The Gazette covers City Hall, now a flood-damaged icon on May's Island in the Cedar River

Davenport’s Gluba says what Cedar Rapids City Hall says: city leaders are at least as smart as state legislators and cities need more financial freedom

In City Hall on February 27, 2009 at 10:52 am

Davenport Mayor Bill Gluba served in the Iowa Statehouse back in the 1970s, and this week he was recalling how back then was the time when Iowa cities secured “home rule.” Back then, Gluba, a Democrat, was among state lawmakers who also pushed to give Iowa cities what he called “financial home rule.”

At the time, though, state lawmakers wanted to keep a tight hold on the freedom local jurisdictions had to decide how to raise money to pay for local government, Gluba said. That’s still the case, he added.

“The people on the Cedar Rapids City Council, the mayor, the council members, they’re all as intelligent as anybody in Des Moines. I know them all in Des Moines.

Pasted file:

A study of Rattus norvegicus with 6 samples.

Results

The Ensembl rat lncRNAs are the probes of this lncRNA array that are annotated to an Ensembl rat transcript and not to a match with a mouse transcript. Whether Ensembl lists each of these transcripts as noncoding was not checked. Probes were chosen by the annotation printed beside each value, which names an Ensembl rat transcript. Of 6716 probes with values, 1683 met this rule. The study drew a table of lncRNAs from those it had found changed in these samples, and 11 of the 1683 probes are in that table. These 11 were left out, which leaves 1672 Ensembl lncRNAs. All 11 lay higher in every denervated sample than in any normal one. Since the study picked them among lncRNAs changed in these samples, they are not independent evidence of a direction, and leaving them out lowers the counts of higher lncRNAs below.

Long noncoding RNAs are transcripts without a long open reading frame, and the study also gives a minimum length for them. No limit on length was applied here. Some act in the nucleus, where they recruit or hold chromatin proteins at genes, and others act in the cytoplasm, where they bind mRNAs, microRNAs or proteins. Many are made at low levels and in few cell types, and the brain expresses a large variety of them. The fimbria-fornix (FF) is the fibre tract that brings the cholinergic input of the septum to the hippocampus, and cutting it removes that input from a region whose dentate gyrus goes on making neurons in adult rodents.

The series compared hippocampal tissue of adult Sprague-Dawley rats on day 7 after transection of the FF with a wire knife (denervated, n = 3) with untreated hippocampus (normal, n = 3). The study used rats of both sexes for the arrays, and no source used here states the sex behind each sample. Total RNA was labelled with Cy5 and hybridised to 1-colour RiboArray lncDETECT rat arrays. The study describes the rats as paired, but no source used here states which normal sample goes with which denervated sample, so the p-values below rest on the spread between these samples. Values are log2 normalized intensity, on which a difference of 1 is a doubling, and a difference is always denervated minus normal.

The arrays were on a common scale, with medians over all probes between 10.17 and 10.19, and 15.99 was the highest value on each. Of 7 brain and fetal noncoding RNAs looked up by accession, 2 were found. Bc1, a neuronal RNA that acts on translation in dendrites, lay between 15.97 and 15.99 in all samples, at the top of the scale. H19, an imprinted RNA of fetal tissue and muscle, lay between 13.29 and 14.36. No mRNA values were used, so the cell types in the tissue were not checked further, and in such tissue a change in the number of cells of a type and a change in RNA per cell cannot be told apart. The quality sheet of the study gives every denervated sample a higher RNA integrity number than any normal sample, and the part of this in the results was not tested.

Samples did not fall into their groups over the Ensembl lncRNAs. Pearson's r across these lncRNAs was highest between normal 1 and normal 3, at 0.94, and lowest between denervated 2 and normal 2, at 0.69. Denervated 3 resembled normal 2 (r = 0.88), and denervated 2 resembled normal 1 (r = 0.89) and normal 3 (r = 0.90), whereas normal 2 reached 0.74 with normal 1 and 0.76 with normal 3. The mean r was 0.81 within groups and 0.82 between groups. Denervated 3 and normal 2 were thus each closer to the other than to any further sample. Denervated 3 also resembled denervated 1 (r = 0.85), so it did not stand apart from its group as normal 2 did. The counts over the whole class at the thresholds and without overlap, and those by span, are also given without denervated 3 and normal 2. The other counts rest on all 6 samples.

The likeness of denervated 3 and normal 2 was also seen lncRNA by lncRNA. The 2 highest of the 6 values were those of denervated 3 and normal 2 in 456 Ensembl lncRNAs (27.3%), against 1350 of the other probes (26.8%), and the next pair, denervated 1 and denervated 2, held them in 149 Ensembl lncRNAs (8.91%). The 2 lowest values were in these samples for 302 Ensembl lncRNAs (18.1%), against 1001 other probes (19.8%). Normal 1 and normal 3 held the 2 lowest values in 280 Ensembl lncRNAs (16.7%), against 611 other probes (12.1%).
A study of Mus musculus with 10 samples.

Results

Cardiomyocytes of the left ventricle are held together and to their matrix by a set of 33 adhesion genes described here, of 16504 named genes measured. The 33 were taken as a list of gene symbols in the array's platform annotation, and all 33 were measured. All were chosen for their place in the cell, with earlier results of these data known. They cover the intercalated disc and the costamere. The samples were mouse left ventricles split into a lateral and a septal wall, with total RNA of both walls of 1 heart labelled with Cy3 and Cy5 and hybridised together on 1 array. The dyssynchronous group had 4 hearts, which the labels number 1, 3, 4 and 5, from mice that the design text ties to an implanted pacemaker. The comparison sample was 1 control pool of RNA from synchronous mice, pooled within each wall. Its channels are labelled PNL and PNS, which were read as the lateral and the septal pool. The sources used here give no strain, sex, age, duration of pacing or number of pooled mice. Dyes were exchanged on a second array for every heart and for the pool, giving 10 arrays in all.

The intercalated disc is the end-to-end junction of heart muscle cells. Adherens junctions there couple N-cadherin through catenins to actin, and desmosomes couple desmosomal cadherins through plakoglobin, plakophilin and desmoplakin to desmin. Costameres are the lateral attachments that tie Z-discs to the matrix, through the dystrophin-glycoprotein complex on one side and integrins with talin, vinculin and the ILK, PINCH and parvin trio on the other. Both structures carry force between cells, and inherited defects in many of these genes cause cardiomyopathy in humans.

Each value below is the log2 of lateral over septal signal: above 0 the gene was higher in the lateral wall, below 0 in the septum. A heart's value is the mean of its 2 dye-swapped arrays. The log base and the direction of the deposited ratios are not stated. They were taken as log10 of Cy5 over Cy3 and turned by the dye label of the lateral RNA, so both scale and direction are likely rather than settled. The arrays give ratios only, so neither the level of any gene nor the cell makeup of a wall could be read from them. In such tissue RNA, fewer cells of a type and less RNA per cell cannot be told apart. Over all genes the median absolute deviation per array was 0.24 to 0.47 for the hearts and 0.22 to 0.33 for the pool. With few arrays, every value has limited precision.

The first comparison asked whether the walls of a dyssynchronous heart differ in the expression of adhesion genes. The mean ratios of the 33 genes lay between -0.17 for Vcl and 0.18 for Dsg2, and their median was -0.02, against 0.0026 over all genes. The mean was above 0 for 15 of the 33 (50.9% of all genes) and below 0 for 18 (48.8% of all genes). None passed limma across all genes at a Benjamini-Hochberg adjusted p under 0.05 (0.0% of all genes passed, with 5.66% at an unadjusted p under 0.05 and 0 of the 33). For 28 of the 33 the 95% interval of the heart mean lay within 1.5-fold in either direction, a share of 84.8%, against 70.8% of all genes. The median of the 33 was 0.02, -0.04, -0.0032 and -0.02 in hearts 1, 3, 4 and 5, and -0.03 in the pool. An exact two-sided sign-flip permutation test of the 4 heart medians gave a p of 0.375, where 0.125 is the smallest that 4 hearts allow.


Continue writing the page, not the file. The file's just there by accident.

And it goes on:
“The elected officials in Cedar Rapids are responsible, caring, concerned citizens who all have the best interest at heart of the people of Cedar Rapids. And so we should have financial home rule across the board and let them make their own decisions.”

Don’t be misled: Gluba was really talking about himself and his own colleagues on the Davenport City Council as much as he was anybody at Cedar Rapids’ City Hall.

He was simply making the point that Cedar Rapids’ city leaders are in the same pickle as he thinks Davenport’s city leaders and many other city leaders are across Iowa.

He was making the point that the Cedar Rapids City Council and City Manager Jim Prosser have been trying to make for more than a year. That is, cities in Iowa are too dependent on property taxes to pay their bills, and that the Iowa Legislature needs to give cities freedom to raise revenue in other ways.

Cedar Rapids City Council members call it “revenue diversification.”

One of simplest ways to accomplish that might be to let cities charge an income-tax surcharge just like school districts in Iowa now can do.

But one thing state law now allows cities to do to diversify revenue is to pass a local-option sales tax.

Only six county-seat cities in all of Iowa – Iowa has 99 counties – do not have a local-option sales tax in place. Those are Cedar Rapids, Iowa City, Des Moines, Adel, Indianola and Ida Grove. Ida Grove puts it in place this summer.’

“I really can’t believe Cedar Rapids doesn’t have it,” Gluba says of the sales tax.

Cedar Rapids and other Linn County jurisdictions vote on the tax on March 3; Iowa City and other Johnson County jurisdictions on May 5.